How Rural Networks Can Support the Internet of Things
The internet of things (IoT) – i.e. the high volume network of internet connected devices that users can monitor and control remotely via a smartphone or computer – has the potential to revolutionize the technology of farming industries like agriculture, meat, and dairy. Internet connected technology makes it easier to manage large produce farms and to monitor the health of livestock from miles away.
For the agricultural industry, remote soil sensors like Symphony Link eliminate much of the labor required in testing the soil manually. Instead, farmers can determine the moister and chemistry of their soil remotely, any time they want. Soil monitoring systems can also automate the process of soil analysis and, therefore, bring problems to the farmers’ attention immediately.
For the dairy and meat industries, the Moocall Calving Sensor, for example, prevent calf loses. The device measures the contractions of a cow in labor, alerting the farmer via phone approximately one hour before the cow gives birth. The noninvasive device attaches to the tail of a pregnant cow and lasts 30 days on a single charge. It, and other devices like simple surveillance cameras, can protect the health of livestock.
The IoT is, unfortunately, a high volume network that requires a strong Wi-Fi or mobile data signal to support the many connected devices – from calving sensors to surveillance cameras to soil monitors – with a farming application. Because mobile broadband is spotty in most rural areas, most farms will have to install a reliable Wi-Fi network before they can reap the benefits of the AgTech IoT.
Farms with the capital to do so may install reliable
(but expensive) T1 line networks. These wireline networks put farmers out a pretty penny, but provide reliable Wi-Fi to residences, barns, greenhouses, and outdoor spaces. With a wireline connection, the bandwidth is not limited as it is with wireless satellite internet or mobile broadband connections. It is, therefore, a more practical network to support a high volume of devices.
Download speed: 1.544 Mbps Upload speed: 1.544 Mbps Latency/lag time: 3-5 ms Service cost: $300 to $4,700/month Installation cost: $1,000 to $45,000, depending on the length of the line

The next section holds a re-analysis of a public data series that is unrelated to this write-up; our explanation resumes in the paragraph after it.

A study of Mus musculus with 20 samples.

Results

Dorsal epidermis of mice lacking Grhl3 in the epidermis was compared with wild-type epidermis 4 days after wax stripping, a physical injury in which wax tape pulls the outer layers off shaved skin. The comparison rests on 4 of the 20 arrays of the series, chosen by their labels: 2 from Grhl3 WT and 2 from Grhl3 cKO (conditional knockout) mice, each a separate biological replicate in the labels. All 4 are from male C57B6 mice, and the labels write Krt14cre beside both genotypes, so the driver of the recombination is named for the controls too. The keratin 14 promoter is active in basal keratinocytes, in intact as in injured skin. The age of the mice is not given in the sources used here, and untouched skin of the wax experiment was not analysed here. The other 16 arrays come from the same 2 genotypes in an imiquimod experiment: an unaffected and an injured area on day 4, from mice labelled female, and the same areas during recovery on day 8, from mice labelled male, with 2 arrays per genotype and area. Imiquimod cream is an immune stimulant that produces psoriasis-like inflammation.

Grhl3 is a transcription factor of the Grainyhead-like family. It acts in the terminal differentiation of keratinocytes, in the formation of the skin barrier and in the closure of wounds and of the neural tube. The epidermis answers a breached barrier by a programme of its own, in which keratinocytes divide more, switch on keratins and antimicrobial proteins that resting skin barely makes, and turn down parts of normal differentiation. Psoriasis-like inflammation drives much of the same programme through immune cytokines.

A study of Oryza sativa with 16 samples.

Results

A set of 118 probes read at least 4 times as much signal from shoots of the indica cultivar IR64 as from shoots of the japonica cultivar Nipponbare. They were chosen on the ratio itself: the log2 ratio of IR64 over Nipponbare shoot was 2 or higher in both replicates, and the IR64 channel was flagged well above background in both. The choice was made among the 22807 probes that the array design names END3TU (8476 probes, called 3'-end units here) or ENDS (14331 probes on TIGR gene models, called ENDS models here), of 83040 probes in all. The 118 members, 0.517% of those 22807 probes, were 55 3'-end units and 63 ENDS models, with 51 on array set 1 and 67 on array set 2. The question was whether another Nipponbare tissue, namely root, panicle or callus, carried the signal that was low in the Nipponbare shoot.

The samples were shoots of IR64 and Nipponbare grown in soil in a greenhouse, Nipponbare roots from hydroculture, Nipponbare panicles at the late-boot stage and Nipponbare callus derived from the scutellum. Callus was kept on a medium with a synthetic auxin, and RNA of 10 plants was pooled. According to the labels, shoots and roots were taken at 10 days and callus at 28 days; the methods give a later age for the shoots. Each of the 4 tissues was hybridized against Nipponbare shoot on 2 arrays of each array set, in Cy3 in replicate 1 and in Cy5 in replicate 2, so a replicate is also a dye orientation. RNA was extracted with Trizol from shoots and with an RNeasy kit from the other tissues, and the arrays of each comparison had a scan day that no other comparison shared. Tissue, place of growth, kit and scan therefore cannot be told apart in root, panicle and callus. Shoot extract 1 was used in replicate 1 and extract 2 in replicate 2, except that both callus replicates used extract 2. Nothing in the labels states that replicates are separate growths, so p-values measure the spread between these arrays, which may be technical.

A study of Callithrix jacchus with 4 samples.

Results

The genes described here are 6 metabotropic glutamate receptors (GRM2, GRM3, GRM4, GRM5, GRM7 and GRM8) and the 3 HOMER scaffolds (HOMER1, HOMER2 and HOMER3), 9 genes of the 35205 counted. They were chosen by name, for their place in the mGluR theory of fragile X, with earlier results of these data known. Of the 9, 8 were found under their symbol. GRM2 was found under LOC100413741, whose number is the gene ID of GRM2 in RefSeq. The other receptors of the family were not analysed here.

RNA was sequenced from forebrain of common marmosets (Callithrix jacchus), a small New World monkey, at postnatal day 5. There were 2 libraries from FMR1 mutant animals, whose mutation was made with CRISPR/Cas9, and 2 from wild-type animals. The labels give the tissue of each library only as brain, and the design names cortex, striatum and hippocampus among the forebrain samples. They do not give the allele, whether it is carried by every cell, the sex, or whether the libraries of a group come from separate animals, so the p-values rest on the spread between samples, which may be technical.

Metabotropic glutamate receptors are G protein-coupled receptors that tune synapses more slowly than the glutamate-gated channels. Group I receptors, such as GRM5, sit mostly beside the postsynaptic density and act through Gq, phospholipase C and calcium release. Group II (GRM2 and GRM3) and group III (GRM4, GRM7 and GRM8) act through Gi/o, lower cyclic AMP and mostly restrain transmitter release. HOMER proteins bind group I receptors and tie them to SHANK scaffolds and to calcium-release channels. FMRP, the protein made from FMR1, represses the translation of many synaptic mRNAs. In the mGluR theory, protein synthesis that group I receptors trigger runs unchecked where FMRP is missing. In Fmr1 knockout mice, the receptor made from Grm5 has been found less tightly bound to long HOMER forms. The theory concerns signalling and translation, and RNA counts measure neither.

If you don’t have the means to install a T1 line, you can still utilize the benefits of the IoT by using a combination of satellite internet,
dry DSL and mobile 3g and 4G broadband through a bonded appliance/software (for bandwidth aggregation) to achieve your required bandwidth. Remember, if you are lucky enough to be one of the few rural internet users with cable or DSL, you can also use these high-bandwidth connections to support your IoT.
To conserve bandwidth, purchase equipment that uses minimal bandwidth, such as low-definition surveillance cameras. The Homeboy security camera, for example, streams low quality 640×480 VGA video. Although these streams are not as pretty to look at as the high definition alternatives, they are a hundred times more practical in any rural area with a limited bandwidth internet connection. I guess the real trick here is being practical in being able to realize your end game of video surveillance.
Whatever your device, adjust the settings to (1) low definition picture, (2) low definition sound, and (3) less frequent updates to preserve your bandwidth and prevent losing the connection altogether. While it is, currently, difficult to set up IoT networks in rural areas, it is not impossible to benefit from IoT technology like remote surveillance cameras.
As rural networks become faster and more reliable, the IoT will transform the way farmers interact with their land. The benefits of this transformation include increased efficiency,
increased production, and a decreased need for labor. The IoT may be the answer to a growing demand for food on a planet with limited resources.
For farmers who enjoy the physical work involved in growing food and raising the technology may, however, have a minimizing effect on the relationship between farmers and the land. The expansion of the AgTech IoT definitely raises philosophical questions for farmers inclined to that type of thought. The IoT will likely breathe new life into a debate about technology and farming that dates back to before the Luddites.